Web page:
Just for the record

By Laurence J. Sasso, Jr.

In the 1920s publicity seekers and fortune hunters indulged in a sideshow sort of fad called flagpole-sitting. It was pioneered by a reputed sailor named Alvin “Shipwreck” Kelly. Vying to set records and gain fame, and most of all to make money, these hardy, if slightly unhinged individuals (of both genders), made news and diverted the attention of the jazz age public. They did so by seeing who could spend the most uninterrupted time living atop high poles. Eventually, the record stretched into months and then, believe it or not, more than a year. Google it for yourself, and you will see.

The Great Depression largely brought an end to those particular stunts, but others took their place. Foremost among them were dance marathons, another kind of endurance contest promising monetary rewards and a measure of notoriety for the couple who could outlast all others on the dance floor.

Today the world around us is rife with different types of self-imposed challenges that seem intended to measure the meaning of our days. On milestone birthdays some people skydive. Others set themselves goals such as hiking the Appalachian Trail or climbing to the top of the highest nearby mountain. It’s also common for people to make so-called “bucket lists,” cataloging exotic goals they want to achieve before it’s too late.

Social media pages often chart the progress of some of these endeavors. No-one seems to sit on flag staffs anymore, and pie-eating contests aren’t taken too seriously, but enduro bicycle treks to Telluride or running a marathon backwards probably would be, and hot dog eating contests have attained the dubious status of being termed a “sport” in some venues.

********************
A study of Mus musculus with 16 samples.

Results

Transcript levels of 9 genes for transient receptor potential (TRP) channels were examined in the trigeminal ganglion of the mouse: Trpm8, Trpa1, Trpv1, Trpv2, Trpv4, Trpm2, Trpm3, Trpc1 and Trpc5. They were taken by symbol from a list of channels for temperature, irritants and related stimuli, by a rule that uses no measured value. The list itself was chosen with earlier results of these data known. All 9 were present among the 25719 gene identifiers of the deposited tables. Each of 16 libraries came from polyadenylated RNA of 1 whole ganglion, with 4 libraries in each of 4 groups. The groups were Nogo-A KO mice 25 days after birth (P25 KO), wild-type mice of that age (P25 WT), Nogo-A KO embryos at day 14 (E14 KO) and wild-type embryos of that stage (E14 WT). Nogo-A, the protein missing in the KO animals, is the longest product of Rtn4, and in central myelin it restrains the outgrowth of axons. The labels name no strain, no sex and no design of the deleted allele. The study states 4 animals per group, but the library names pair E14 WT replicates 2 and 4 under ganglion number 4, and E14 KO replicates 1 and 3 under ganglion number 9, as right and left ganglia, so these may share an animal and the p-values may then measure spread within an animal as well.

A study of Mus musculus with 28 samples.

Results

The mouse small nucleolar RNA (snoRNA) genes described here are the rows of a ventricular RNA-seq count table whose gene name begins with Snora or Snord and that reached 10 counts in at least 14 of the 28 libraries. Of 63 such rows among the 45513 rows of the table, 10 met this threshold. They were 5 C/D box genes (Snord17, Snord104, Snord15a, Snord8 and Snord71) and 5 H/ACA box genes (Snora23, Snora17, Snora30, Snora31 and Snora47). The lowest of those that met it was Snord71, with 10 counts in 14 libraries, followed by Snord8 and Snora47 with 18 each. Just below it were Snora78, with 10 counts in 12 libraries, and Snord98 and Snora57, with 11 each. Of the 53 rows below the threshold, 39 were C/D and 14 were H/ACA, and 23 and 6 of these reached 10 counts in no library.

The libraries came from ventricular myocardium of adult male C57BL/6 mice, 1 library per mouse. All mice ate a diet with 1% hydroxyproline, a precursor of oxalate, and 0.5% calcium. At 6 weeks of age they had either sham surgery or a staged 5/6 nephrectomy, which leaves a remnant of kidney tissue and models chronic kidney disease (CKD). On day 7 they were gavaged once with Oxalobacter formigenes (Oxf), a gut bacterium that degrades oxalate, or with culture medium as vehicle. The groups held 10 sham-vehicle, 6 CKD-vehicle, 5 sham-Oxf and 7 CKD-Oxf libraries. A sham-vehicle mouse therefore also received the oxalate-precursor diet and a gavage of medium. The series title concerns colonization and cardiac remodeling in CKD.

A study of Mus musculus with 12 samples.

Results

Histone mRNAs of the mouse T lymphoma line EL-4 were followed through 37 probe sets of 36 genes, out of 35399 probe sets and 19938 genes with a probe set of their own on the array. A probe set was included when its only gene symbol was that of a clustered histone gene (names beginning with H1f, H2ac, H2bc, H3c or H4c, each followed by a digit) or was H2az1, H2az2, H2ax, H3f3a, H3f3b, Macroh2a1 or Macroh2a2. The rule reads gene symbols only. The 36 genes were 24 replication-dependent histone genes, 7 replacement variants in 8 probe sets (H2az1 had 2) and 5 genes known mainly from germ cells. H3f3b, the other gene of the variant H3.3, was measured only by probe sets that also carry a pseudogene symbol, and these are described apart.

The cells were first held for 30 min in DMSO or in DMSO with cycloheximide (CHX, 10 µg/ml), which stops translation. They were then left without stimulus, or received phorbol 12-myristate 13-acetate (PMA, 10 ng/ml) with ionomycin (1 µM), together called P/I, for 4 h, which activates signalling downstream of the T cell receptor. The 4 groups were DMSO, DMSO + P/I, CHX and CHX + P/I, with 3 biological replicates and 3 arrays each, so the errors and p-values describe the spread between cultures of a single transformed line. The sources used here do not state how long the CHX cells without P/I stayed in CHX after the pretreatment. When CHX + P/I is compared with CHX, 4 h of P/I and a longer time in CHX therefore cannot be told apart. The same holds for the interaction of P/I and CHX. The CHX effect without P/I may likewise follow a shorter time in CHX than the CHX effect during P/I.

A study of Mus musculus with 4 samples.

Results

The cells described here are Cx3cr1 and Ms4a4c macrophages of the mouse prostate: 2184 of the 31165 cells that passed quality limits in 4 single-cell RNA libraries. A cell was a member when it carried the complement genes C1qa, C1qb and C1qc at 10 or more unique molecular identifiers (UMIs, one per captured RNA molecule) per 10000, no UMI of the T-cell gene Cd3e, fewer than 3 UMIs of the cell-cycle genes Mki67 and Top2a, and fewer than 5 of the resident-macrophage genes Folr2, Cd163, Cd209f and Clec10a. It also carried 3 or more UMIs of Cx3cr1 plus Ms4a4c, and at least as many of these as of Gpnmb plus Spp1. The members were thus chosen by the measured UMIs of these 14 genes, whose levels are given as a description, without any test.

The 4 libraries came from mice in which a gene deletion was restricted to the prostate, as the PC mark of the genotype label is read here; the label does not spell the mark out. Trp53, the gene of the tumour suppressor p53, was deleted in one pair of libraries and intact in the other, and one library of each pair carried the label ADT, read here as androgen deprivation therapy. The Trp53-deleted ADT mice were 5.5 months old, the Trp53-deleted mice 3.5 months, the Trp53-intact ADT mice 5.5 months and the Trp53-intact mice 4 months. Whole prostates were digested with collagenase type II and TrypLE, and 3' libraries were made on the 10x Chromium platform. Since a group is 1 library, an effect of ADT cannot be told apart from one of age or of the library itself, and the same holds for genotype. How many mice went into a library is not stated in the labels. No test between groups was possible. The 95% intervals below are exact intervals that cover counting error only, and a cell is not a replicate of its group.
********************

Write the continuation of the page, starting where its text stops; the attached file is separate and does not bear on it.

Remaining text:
Let’s play the devil’s advocate for a moment, though. Other than idle curiosity, why should we care if somebody decides to swim to Block Island wearing an overcoat?

Admittedly, efforts to set “world records” or make it into the Guinness Book are hard to ignore, but, with the possible exception of fund-raisers for a good cause, after a while doesn’t it all begin to feel like exhibitionism and self-promotion?

Ascending the highest peak for a thousand miles around certainly is a personal accomplishment, but, unless you are the first one to do it, does it need to be a public one? After all, what does it prove to the rest of us if somebody ascends past the tree line to the pinnacle and takes a selfie? What is there to do up there in the small space at the summit but to turn around and climb back down?

It’s the same for such quests as trying to hold your breath under water longer than anyone else. After meeting the world record holder, a Navy diver with a chest like an ancient oak tree and finding that he was quite humble but justifiably proud of his achievement, the futility of attempting to successfully challenge his mark was immediately apparent. That’s no reason to give up trying, but it might be one for keeping a low profile about it.

Besides, there are also in-dwelling heights to conquer. For instance one friend has been trying to learn how to speak Italian with at least a modicum of fluency for quite a few years now. For another friend it’s German.

A different acquaintance often carries an algebra book with him and works at mastering ever more difficult equations (a cerebral exercise that might make brutish Extreme Challenge events in deep mud almost seem attractive).

Perhaps at the root of my antipathy to high profile feats of endurance lies a powerful skepticism. There’s an old song that says “Anything you can do I can do better; I can do anything better than you.” Alas, it appears, that that attitude is the driving force behind the challenges many people take up.

Most of us have a personal kind of radar that sets off subtle alarms when we sense ulterior motives in the behavior of others. So if someone recounts their latest victory in a half-naked half-marathon through the bramble patches in a way that comes across as more than a little self-congratulatory, a light goes on and it flashes the word bragging.

Personal quests are more credible when they are about personal bests. Self-congratulatory smack downs undertaken in the guise of extreme singular feats or breast-beating accomplishments just don’t cut it.

Now – back to building that flagpole perch with a bathroom.